Apple may have a reputation for cutting edge technology, but the more we learn about the iPhone plans for 2019, the more it is clear that Apple is lagging behind Android. Not only that, but Tim Cook’s team is ready to cancel a feature once regarded as revolutionary.
This year’s iPhones will not have hardware support for 3D Touch.
The latest evidence for the removal comes from Digitimes and its analysis of the supply chain involved in the manufacturing of the 2019 iPhones. Siu Han and Steve Shen report:
Touch module makers TPK Holding and General Interface Solution (GIS) may see sales grow in the second half of 2019 though Apple may remove 3D touch sensors from all 2019 iPhone devices, according to industry sources.
This backs up other reports and indicators, from the Wall Street Journal at the start of the year, to research by smartphone analysts. The biggest indicator was at this year’s WWDC and the removal of 3D Touch from the iOS 13 betas.Although this omission was classed as a bug by Apple’s Craig Federighi, it is clear that the once revolutionary technology is being phased out of hardware and any support in code is for legacy devices.
Here lies the issue. Apple can announce revolutionary ideas, new interfaces, and new hardware; but it needs to back these up over the long term. Given the length of replacement cycles in smartphones, it’s likely that the last pre-3D Touch handsets would be replaced over the next 12 months, and the majority of those will be looking at either the 2018 or 2019 family of iPhone devices.
If Apple had committed to 3D touch, if it had continued to develop it, and if it had projected enough confidence that it would be present in the 2019 iPhones, then this cycle of upgrades would undoubtedly have seen the installed iPhone base dominated by handsets with 3D Touch… at which point developers could assume that a handset featured it and would be able to start pushing the envelope.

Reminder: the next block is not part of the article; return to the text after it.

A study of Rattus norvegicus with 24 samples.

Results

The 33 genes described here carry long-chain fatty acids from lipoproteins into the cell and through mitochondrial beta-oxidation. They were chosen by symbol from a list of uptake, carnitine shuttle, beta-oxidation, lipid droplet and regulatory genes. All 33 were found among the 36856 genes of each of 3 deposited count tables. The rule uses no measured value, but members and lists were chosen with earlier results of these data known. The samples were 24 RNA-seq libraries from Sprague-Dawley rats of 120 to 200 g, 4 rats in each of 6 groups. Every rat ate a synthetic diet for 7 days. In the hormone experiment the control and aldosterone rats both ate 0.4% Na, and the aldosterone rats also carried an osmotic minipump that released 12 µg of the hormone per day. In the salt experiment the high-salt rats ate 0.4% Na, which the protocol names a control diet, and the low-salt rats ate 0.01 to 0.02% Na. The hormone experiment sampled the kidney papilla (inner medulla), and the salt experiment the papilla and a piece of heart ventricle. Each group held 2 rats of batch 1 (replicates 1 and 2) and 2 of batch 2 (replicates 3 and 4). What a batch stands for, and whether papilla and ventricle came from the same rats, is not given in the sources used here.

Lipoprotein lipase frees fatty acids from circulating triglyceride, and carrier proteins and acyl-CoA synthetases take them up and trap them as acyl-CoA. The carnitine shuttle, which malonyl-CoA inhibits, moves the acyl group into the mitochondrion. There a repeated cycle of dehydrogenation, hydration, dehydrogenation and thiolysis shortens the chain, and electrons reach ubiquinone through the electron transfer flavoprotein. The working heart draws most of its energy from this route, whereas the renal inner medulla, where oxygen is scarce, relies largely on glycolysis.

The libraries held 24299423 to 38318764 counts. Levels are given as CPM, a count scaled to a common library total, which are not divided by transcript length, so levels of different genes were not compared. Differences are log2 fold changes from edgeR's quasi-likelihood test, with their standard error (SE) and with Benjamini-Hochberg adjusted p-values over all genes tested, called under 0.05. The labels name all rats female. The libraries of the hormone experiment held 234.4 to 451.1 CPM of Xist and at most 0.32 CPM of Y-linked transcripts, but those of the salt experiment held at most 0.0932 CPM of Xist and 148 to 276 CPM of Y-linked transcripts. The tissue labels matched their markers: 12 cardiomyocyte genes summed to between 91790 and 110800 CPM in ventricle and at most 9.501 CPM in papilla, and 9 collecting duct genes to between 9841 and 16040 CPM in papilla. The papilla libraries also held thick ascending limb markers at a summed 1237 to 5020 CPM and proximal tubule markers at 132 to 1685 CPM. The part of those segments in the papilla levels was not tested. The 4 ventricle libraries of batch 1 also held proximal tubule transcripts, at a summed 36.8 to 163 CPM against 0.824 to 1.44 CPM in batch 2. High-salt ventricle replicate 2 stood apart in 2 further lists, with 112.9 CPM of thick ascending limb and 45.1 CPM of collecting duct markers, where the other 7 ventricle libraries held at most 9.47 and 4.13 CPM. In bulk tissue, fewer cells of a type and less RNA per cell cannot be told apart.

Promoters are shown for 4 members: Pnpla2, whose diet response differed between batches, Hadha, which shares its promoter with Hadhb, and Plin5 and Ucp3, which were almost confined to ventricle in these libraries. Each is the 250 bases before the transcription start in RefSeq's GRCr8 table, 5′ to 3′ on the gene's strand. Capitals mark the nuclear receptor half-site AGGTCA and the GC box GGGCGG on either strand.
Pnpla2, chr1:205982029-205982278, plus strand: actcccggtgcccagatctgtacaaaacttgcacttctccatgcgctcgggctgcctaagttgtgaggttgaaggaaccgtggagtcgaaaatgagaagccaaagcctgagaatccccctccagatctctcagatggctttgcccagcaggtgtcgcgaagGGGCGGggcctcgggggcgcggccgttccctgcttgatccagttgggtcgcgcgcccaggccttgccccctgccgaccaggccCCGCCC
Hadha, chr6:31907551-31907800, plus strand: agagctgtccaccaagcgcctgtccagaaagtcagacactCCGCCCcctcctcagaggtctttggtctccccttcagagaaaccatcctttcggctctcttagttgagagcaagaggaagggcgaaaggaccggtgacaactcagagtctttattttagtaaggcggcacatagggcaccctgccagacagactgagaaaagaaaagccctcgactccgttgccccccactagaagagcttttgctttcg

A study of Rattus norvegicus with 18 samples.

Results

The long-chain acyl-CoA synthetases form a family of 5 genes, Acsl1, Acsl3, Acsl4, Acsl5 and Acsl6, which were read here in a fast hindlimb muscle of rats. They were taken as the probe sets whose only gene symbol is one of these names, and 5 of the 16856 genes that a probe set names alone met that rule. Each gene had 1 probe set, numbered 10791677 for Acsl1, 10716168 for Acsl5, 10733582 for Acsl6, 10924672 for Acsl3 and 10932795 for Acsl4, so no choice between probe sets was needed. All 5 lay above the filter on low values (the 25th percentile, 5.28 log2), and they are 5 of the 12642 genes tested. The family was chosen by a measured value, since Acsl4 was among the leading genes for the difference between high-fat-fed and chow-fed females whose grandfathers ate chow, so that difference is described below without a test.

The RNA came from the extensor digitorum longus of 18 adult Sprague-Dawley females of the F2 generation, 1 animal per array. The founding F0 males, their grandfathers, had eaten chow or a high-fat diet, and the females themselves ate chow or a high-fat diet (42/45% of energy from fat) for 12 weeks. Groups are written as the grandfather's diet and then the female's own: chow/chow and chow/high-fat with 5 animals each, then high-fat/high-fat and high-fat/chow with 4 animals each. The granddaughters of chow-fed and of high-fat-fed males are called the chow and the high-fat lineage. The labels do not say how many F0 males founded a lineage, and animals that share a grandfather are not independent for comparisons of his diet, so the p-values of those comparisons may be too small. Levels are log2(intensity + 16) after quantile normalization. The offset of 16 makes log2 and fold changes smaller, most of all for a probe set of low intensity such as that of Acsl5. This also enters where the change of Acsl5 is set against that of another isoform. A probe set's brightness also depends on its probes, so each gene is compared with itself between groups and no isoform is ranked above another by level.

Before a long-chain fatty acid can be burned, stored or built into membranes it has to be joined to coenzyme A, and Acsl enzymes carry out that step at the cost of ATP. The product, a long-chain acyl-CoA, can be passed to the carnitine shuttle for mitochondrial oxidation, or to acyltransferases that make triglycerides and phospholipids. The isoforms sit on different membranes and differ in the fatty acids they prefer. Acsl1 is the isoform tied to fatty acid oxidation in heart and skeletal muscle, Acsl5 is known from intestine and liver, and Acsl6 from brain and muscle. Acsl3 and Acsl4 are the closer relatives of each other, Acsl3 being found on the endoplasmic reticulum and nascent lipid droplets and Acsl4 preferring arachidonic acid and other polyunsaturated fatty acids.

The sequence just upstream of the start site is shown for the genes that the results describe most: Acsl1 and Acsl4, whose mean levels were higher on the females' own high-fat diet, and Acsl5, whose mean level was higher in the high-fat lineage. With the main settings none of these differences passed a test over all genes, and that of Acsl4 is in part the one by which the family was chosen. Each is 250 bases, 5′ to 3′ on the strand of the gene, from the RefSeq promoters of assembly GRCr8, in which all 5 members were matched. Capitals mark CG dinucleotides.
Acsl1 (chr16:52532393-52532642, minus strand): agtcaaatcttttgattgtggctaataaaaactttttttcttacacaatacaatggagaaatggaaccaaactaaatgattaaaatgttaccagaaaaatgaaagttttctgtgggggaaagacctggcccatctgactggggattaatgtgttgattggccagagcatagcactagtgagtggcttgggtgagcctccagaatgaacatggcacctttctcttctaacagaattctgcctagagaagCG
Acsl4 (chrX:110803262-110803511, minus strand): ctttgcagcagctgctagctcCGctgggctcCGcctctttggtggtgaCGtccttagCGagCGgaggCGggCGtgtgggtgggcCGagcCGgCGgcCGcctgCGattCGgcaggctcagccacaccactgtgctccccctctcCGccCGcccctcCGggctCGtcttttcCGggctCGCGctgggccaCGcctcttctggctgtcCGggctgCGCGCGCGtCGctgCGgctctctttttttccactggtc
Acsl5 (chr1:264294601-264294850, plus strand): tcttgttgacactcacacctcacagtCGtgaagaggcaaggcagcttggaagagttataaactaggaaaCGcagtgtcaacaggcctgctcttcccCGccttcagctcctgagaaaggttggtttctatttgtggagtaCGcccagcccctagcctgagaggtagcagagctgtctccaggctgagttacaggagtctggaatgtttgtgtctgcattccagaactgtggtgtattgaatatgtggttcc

As it is, 3D Touch remains a cute feature, but not one that defines what it means to be using an iPhone.
Contrast the lack of commitment to 3D Touch to that of Face ID. Not only did Apple commit fully to using Face ID on the iPhone, it also backed up these statements by essentially ‘burning the ships’ underneath it by removing Touch ID from the iPhones with Face ID. That made a statement that people believed.
Yesterday’s update to the MacBook family finally eliminated the last new Mac laptop with physical function keys, your new MacBook Air or MacBook Pro is going to feature only the Touch Bar. This isn’t quite an inflection point just yet – laptops have a much longer lifespan and replacement cycles, and the desk-based computers still need an external keyboard with Touch Bar to come as standard, but the potential is still there and the process is under way.
Where was this power behind 3D Touch? Without that power who would commit to using 3D Touch to solve a problem?
And when Apple rolls out the next new feature for the iPhone, shall we gamble that it will be supported through growing pains to mass adoption, or should we play it safe because the chances are it’s not going to break out and becoming something the public adopt before Apple abandons it?